The Hyundai Nexo: A Look At the Korean Hydrogen-Powered SUV

The Hyundai Nexo

The Hyundai Nexo

The Hyundai Nexo was recently unveiled at the 2018 Consumer Electronics Show in Las Vegas, and has since sparked interesting dialogue regarding what is possible in terms of driving range for green vehicles. To showcase the cutting-edge fuel cell technology that powers the Nexo, the auto manufacturer completed a 189 km journey from Seoul to PyeongChang in the lead-up to the Olympic Games – a veritable walk in the park for the vehicle that Hyundai says can clear 609 km on a single charge.

How Does a Hydrogen Fuel Cell Work?

In short: hydrogen is combined with oxygen to generate electricity, which emits water and heat as by-products. This is a much more fuel-efficient route than gas-powered combustion engines – the hydrogen cell converts 60% of the fuel consumed into usable energy, while fossil fuels loses up to 75% in heat. An on-board lithium-ion battery delivers power in a linear fashion and provides the power necessary for initial acceleration.

What Does It Look Like?

The Nexo has a recognisable ‘Hyundai’ look, with sleek SUV styling that combines high-tech applications with retro feel. There is plenty of space in the cabin and the cargo area can hold up to 461 litres. Tech lovers will also be happy to know that the Hyundai fuel-cell variant comes with all the expected bells and whistles, including an intuitive colour touchscreen.

How Does the Nexo Handle?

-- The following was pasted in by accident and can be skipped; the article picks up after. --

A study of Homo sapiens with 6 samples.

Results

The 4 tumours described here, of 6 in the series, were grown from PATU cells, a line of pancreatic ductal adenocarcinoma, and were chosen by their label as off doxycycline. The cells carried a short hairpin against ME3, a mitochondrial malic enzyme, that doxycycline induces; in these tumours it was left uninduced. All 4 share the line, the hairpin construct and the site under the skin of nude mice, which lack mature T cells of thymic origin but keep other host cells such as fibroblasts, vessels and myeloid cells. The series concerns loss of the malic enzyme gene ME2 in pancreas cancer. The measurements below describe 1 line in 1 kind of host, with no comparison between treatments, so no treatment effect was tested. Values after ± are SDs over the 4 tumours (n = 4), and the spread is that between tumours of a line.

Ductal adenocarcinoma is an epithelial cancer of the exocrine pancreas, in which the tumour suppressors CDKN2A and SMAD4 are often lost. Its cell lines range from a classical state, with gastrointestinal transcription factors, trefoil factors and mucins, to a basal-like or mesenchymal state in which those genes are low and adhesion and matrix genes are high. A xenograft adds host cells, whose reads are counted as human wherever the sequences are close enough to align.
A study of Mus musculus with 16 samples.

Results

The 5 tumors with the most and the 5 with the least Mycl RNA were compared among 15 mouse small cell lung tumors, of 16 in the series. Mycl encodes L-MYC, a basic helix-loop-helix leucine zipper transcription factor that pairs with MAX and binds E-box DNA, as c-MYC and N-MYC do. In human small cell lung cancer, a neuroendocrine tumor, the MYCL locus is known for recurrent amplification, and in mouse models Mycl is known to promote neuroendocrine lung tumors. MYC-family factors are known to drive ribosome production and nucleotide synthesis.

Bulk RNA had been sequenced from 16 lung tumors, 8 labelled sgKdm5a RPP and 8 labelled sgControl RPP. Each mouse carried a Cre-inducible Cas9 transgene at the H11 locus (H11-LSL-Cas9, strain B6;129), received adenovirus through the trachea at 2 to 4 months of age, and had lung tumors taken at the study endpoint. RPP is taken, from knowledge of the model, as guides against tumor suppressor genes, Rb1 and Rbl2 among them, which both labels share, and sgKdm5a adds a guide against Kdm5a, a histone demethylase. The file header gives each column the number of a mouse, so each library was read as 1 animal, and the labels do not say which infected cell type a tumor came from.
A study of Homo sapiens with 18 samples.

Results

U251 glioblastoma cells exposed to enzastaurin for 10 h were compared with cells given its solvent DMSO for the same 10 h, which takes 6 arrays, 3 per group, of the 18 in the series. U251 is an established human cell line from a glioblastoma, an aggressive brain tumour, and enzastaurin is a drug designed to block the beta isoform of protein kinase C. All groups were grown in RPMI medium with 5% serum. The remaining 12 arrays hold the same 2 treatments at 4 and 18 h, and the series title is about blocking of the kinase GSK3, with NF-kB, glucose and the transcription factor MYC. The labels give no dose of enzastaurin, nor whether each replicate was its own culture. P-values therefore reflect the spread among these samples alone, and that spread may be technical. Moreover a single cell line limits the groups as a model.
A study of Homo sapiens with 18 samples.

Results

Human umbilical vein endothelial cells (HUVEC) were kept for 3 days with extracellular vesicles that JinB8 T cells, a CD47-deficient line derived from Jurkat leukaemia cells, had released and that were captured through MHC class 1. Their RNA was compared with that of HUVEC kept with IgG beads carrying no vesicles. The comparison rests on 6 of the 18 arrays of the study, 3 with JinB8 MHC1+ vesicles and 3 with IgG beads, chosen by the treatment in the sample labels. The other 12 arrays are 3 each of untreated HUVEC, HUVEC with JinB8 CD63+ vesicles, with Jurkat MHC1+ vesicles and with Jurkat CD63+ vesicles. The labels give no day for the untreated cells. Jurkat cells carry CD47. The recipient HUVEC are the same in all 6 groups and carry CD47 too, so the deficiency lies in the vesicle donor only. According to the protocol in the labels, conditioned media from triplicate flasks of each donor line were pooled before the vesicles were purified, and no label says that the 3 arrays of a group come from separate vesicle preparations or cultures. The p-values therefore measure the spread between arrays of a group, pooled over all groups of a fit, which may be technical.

The Nexo pretty much drives like a conventional vehicle, except for the fact that there might be a slight delay (around 30 seconds) in power delivery if it’s really cold outside. According to the manufacturer, the fuel cell should last around 10 years (i.e. 5000 hours for an average driver), which is a considerable increase when you take into account that the Tucson EV only delivers 5 years’ worth of power. It takes around 5 minutes to fuel up with hydrogen using a special pressurised pump. Once full, the driver is then cleared to hit the road for up to 609 kilometres. The only drawback at the moment is that there are very few countries, even in developed nations, that have a well-established hydrogen distribution network.

The Nexo is not bound for South Africa soon, but will be rolled out in various northern countries over the course of the year. Drive the development of future-proof green energy by supporting the companies that blaze the trail towards sustainability. Get in touch with your nearest Group 1 Hyundai dealer today to test drive a Hyundai and become a part of the solution.